The book outlines a plan for reclaiming unity among our body movements, senses, and thought processes. It describes how we are pressured to mold ourselves to fit others’ needs by attitudes fostered in religions, schools, the workplace, and the military. It gives special attention to how gender ideals shape us. Interweaving personal experiences, anatomical analyses, and the stories of men and women from various walks of life, the book explores how the mind/body split, concretized in our social institutions, coaxes us to distrust what our own senses tell us.

In marked contrast to the individualistic aura of books in a similar vein, this book argues that individual awareness alone is not enough to correct the social scars left by mind-body dualisms. Real change can only come about when we join together to alter the shapes of our social body: schools, churches, political organizations, businesses, and health-care practices. Throughout the book, there are practical yet sensitive exercises offered for bringing about a reunion of abstract ideas and flesh, a recovery of our forgetten genius embedded in the cells of our bodies.

Excerpts from Book:
“Conceiving of the human organism as a “brewing vat” [the origin of “body”, bottich] implies that its genius——its wisdom, justice, intelligence, love – is to be won through patient, cooperative work with tangible reality. Producing unique spirits requires a refined sense of smell and taste, the patience to respect natural processes of fermentation, and a sense of the right grains, soils, and water. A community of bodies, unlike the random collection of reactive corpuscles, requires a more enlightened politics which recognizes the unity f all bodies, human and nonhuman, and the insanity of imperiling these substantial bodies for the sake of ghostly ideologies.”

“Any techniques for dealing with our bodies——ranging from cradling infants to weight-lifting to orthopedic surgery——have neutral value. We can use them to make us more rigid and to train us to denigrate the value of our own experience, or we can use them to refine our ability to discriminate and reconnnect with our own power.”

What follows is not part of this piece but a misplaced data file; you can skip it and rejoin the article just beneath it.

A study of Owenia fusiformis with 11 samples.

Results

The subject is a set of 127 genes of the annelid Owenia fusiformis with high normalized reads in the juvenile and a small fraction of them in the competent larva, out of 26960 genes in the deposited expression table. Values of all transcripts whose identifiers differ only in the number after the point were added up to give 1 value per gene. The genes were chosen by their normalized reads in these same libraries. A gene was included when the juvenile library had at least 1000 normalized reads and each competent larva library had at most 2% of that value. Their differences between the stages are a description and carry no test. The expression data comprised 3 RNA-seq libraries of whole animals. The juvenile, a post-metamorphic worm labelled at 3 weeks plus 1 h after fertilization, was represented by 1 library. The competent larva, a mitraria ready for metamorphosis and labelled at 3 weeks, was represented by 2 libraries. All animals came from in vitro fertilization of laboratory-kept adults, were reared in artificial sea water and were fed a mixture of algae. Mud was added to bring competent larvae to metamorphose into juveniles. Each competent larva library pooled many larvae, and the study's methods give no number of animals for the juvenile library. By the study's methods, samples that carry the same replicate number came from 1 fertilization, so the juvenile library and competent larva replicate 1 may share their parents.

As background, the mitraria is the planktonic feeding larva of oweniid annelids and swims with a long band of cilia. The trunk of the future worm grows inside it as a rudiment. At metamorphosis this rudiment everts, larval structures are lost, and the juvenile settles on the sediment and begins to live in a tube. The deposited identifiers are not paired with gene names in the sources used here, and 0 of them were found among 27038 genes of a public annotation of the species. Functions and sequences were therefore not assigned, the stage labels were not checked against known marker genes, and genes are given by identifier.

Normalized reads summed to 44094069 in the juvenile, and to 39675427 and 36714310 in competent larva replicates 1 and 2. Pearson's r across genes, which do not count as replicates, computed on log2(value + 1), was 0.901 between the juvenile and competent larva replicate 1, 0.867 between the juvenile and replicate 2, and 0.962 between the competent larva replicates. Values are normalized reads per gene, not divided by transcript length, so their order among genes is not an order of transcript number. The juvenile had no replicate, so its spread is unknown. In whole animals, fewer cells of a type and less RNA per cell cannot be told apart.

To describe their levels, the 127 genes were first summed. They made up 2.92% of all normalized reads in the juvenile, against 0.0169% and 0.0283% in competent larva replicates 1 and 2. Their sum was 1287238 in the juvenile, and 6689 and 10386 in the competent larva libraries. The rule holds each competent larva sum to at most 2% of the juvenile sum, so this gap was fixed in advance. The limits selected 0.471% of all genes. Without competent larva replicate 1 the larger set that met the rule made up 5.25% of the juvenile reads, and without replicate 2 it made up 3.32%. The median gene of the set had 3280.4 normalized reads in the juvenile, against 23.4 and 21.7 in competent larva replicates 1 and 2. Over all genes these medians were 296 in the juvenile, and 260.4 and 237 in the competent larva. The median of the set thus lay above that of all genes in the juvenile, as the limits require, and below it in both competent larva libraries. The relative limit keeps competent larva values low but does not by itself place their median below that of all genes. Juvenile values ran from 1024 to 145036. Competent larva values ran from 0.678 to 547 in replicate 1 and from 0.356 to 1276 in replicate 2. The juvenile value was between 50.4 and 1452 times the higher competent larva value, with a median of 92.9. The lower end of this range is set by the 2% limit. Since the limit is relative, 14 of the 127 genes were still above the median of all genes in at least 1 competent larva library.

“The dominant values of cultures throughout history have been reflected in hierarchical images of the body, in which one part enjoys preeminence in relation to others. . . . The work of the somatic pioneers revealed the significance of every part of the body for every other part. Tension in a person’s eyes and neck may be related to rotations in his or her feet. Ulcers, backaches, and anxiety have been traced to systems of stress permeating the entire body.”

“. . .the popular emphasis on the body does not necessarily lead to liberation in the sense of achieving more power to accomplish basic human goals. The body that is the object of so much attention is only a partial body; it is not the body as a source of intelligent decision-making. The many sensory and emotional resources we possess for finding our way together through a sensual world are impoverished by the way our physical selves are molded in the culture.”

“In The Case of Nora, Feldenkrais describes in some detail how he works with people…: I tried to identify myself with my patient. What was she actually doing when she intended to read? Where did she intend or expect to read? Did she intend to read the first word of the page, and then fail to direct her gaze, allowing herself to look far into the distance, as though looking at infinity, her eyes not converging at all? Did she see the words she said with her better eye or with both? How on earth was I going to find out?

“Notice the radically different model of authority and expertise that is operative in this case. Feldenkrais was expert in his extraordinary ability to allow Nora to teach him what she needed. He was not the traditional therapist, operating with knowledge external to the patient and telling her what to do, but a fellow researcher.”